The group took a bus from the airport to the city center, where they were supposed to transfer to the subway system. By that time, the bomb that 22-year-old Akbarzhon Jalilov was carrying had exploded on a train traveling from Sennaya Ploshchad to Tekhnologichesky Institut 2.
However, the group had no idea what had just happened. After a conversation on her mobile phone, the Russian student who was chaperoning them calmly told the visitors that the metro system wasn't working, and they would have to get taxis to their hotel instead.
"In fact, the 21-year-old knew very well why the trains were no longer running. About half an hour before we were supposed to transfer to the subway, a bomb exploded in one train of the same line, killing 14 people and injuring at least 50 others. Children were also among the victims."
"She had telephoned her professor and they had decided to take us from the immediate vicinity of the attack without agitating us, the student told us a few days later," Stoecker wrote in Der Spiegel.
Stoecker and his colleagues actually found out about the attack when information reached them from Germany.
"The way in which information reached us about an attack that had taken place a few kilometers away tells us a lot about the relation between terrorism, globalization and digital communications. All my fellow travelers received calls, WhatsApp messages or or urgent messages, some of them went quite pale. Within minutes, news of the deadly crime went from Russia to Germany and back again."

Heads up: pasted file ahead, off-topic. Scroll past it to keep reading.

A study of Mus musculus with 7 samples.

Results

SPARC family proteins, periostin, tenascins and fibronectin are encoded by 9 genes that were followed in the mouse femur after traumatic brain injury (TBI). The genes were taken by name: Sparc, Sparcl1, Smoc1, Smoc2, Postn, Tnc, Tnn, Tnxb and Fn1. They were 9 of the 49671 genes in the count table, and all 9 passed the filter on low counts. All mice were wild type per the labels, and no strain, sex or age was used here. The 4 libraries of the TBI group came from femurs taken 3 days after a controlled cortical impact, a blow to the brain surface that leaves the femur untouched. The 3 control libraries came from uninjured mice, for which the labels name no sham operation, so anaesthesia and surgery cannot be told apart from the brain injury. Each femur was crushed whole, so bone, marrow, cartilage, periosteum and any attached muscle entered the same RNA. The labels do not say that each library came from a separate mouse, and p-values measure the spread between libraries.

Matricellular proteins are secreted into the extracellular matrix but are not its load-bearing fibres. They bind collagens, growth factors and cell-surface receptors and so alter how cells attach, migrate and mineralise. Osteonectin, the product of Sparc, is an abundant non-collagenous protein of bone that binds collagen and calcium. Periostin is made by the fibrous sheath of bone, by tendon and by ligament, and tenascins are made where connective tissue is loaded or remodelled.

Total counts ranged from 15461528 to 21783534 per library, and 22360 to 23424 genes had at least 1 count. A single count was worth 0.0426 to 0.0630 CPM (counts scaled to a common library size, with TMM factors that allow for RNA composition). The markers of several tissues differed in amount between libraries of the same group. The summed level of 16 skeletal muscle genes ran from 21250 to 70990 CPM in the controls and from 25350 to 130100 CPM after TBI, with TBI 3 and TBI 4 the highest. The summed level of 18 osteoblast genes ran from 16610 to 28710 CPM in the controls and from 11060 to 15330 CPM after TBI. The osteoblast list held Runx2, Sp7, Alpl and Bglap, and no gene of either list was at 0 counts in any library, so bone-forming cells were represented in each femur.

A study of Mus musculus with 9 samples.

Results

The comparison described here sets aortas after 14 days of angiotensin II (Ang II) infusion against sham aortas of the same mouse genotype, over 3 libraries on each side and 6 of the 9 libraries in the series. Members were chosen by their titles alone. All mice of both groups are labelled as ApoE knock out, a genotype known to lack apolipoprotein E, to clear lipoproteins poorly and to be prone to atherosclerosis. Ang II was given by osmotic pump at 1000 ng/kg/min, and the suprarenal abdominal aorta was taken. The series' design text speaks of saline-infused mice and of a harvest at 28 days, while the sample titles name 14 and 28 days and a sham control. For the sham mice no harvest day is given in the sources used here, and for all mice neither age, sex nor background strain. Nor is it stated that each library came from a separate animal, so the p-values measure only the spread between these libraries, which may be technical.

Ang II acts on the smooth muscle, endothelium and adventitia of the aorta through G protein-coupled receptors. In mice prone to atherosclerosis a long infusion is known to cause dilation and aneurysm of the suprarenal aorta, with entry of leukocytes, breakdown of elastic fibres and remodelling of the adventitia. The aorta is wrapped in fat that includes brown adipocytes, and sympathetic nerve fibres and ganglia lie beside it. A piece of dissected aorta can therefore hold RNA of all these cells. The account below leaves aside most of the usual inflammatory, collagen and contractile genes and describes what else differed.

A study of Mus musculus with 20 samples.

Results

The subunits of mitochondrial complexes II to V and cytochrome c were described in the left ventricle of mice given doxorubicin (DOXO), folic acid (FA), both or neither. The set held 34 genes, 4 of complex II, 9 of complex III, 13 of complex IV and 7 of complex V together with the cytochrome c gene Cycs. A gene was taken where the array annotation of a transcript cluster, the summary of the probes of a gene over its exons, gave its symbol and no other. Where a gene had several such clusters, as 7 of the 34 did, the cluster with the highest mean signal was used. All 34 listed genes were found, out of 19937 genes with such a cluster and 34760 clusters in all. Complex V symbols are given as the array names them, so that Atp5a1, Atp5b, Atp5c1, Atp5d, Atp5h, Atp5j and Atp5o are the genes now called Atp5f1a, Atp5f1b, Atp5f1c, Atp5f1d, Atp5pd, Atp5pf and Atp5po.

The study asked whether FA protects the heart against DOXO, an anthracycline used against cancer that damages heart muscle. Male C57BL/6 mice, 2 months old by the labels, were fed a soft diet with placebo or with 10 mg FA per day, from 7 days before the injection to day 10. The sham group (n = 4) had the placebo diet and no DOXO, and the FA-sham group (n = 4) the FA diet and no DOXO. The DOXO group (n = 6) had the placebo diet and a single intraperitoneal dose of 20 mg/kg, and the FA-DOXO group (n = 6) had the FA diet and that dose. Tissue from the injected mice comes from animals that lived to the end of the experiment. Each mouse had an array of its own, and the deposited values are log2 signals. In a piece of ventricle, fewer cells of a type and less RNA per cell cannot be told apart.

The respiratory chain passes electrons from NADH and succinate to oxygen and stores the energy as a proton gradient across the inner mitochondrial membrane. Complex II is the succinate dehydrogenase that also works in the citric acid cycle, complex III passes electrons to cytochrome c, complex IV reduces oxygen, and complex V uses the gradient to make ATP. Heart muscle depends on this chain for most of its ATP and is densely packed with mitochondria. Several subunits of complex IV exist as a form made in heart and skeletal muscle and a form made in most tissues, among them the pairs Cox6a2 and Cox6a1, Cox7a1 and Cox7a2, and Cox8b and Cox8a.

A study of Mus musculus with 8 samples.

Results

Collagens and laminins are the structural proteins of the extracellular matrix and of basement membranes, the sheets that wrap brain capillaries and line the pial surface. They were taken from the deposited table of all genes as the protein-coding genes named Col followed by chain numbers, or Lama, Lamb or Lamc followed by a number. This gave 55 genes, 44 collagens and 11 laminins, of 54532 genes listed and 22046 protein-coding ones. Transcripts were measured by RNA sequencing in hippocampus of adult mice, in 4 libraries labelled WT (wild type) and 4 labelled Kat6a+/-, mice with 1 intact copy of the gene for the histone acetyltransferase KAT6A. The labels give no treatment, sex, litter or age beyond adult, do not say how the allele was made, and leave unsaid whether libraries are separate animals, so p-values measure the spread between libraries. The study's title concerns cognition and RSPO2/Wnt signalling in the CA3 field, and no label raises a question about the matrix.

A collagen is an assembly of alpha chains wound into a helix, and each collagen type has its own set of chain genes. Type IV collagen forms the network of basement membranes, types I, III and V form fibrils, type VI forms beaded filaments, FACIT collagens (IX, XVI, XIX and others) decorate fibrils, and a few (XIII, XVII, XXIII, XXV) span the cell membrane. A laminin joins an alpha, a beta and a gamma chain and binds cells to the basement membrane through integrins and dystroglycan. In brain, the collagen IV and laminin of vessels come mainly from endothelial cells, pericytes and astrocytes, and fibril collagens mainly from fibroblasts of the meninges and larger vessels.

"At first glance, international terrorism profits enormously from the fact that every attack carried out in a modern city rapidly becomes news around the world.. terrorists can reach one goal more easily than ten or 20 years ago: attention," Stoecker wrote.
"The experience in St. Petersburg tells me that with regard to their second and probably more important goal, they are having less and less success: the goal of spreading fear and terror."
"On the day of the attack, the people of St. Petersburg were just as impassive as the student who had picked us up. In the days following, we saw people marveling, laughing, celebrating, discussing, working and walking. We talked with our Russian hosts about world politics, journalism, the media, education and everyday life. Of course the attack was not forgotten, but it didn't dominate everyday life or people's thoughts."
By way of explanation, a Russian journalism lecturer told the Germans, "We Russians are accustomed to grief."
That may be true, but Stoecker thinks there is more to it. People in cities across the world, not just in St. Petersburg, refuse to be cowed by terrorism.
"Possibly, this attitude is due not only to legendary Russian stoicism. The same is true for London, Berlin and all the other places where people have been killed in attacks. The residents of the urban area where the attack happened mourn the victims and feel a connection with the victims of attacks in other cities. After all, these acts are aimed at their common, global lifestyle. But they can't be deterred or intimidated. They refuse to let themselves be frightened. I think this refusal will become stronger, not weaker, with every further attack."
"I don't think this is a strategic action, but an instinctive one, and yet it is also probably the best method in the fight against terror: not to allow yourself to be terrorized. Because then the terrorists lose," Stoecker concluded.